Relief for students as interest rates on loans are slashed to 6.3 per cent to protect graduates from soaring inflation
- New cap will bring the interest rate below RPI by the ‘largest amount on record’
- Student loan borrowers were facing a 12 per cent interest rate in September
- This was until a cap on interest rates of 7.3 per cent was announced in June
Interest rates on student loans have been further reduced to 6.3 per cent to protect graduates from rising inflation.
The Department for Education said the new cap, which comes into force in the autumn, will bring the interest rate below RPI (retail price index) by the ‘largest amount on record’.
With RPI soaring, student loan borrowers were facing a 12 per cent interest rate in September until a cap of 7.3 per cent was announced in June.
Universities minister Andrea Jenkyns said the additional reduction will mean ‘no new graduate will ever again have to pay back more than they have borrowed in real terms’.
Interest rates on student loans have been further reduced to 6.3 per cent to protect graduates from rising inflation
The figures are always finalised in August, and the cap has been adjusted in line with the prevailing market rate (PMR) for comparable unsecured personal loans, which is now 6.3 per cent.
It means a borrower with a student loan balance of £45,000 will reduce their accumulating interest by around £210 per month, compared to 12 per cent interest rates.
This is on the total value of the loan, as monthly repayments do not change.
Ms Jenkyns said: ‘We understand that many people are worried about the impact of rising prices and we want to reassure people that we are we are stepping up to provide support where we can.
‘Back in June, we used predicted market rates to bring forward the announcement of a cap on student loan interest rates down from an expected 12 per cent and we are now reducing the interest rate on student loans further to 6.3 per cent, the rate applying today, to align with the most recent data on market rates.’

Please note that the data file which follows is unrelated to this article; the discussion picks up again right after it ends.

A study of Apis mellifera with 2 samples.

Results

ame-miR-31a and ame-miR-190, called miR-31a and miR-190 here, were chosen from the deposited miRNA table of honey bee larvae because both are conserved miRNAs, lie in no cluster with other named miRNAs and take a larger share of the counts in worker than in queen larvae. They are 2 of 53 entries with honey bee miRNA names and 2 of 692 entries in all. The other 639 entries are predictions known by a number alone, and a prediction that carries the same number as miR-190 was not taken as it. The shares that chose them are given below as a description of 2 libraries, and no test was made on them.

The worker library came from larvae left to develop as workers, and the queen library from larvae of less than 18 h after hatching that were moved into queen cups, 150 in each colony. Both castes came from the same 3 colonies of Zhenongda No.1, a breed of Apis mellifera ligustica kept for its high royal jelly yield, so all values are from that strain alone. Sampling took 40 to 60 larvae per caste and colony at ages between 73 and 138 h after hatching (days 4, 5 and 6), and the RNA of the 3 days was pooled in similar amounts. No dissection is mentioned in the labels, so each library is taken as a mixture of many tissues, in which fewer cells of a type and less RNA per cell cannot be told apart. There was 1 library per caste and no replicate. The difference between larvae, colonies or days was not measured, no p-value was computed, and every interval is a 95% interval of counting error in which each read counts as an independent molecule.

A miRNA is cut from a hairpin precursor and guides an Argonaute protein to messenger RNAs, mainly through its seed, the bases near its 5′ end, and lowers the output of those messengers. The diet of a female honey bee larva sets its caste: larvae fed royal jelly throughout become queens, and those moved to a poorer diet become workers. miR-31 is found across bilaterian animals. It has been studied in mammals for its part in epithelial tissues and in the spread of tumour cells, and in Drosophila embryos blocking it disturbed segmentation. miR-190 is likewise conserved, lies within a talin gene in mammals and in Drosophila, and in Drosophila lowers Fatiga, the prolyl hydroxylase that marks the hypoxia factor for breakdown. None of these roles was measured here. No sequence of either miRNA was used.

Universities minister Andrea Jenkyns (pictured right with Liz Truss, left) said the additional reduction will mean ‘no new graduate will ever again have to pay back more than they have borrowed in real terms’
She added: ‘For those starting higher education in September 2023 and any students considering that next step at the moment, we have cut future interest rates so that no new graduate will ever again have to pay back more than they have borrowed in real terms.’
A spokesman for the Student Loans Company said: ‘The change in interest rates is automatically applied so customers don’t need to take any action.
‘We encourage customers to use SLC’s online repayment service to regularly check their loan balance and repayment information, as well as ensure their contact information is up-to-date.’
The September cap applies to English, Welsh and EU students who started an undergraduate course in the UK from September 2012.
It will also cover English and Welsh students who took out a postgraduate master’s loan from August 2016, or a postgraduate doctoral loan from August 2018, as well as EU students who started postgraduate courses from August 2016.
By law, student loan interest rates cannot exceed the PMR for unsecured personal loans.
The new interest rate of 6.3 per cent will apply between September and November.
Student loan interest rates will be reviewed again in December to ensure they remain aligned with market rates. They will continue to be capped in line with the forecast PMR until next August.
Meanwhile, in February the government announced that interest rates will be reduced from 2023/24 so new graduates will not, in real terms, repay more than they borrow.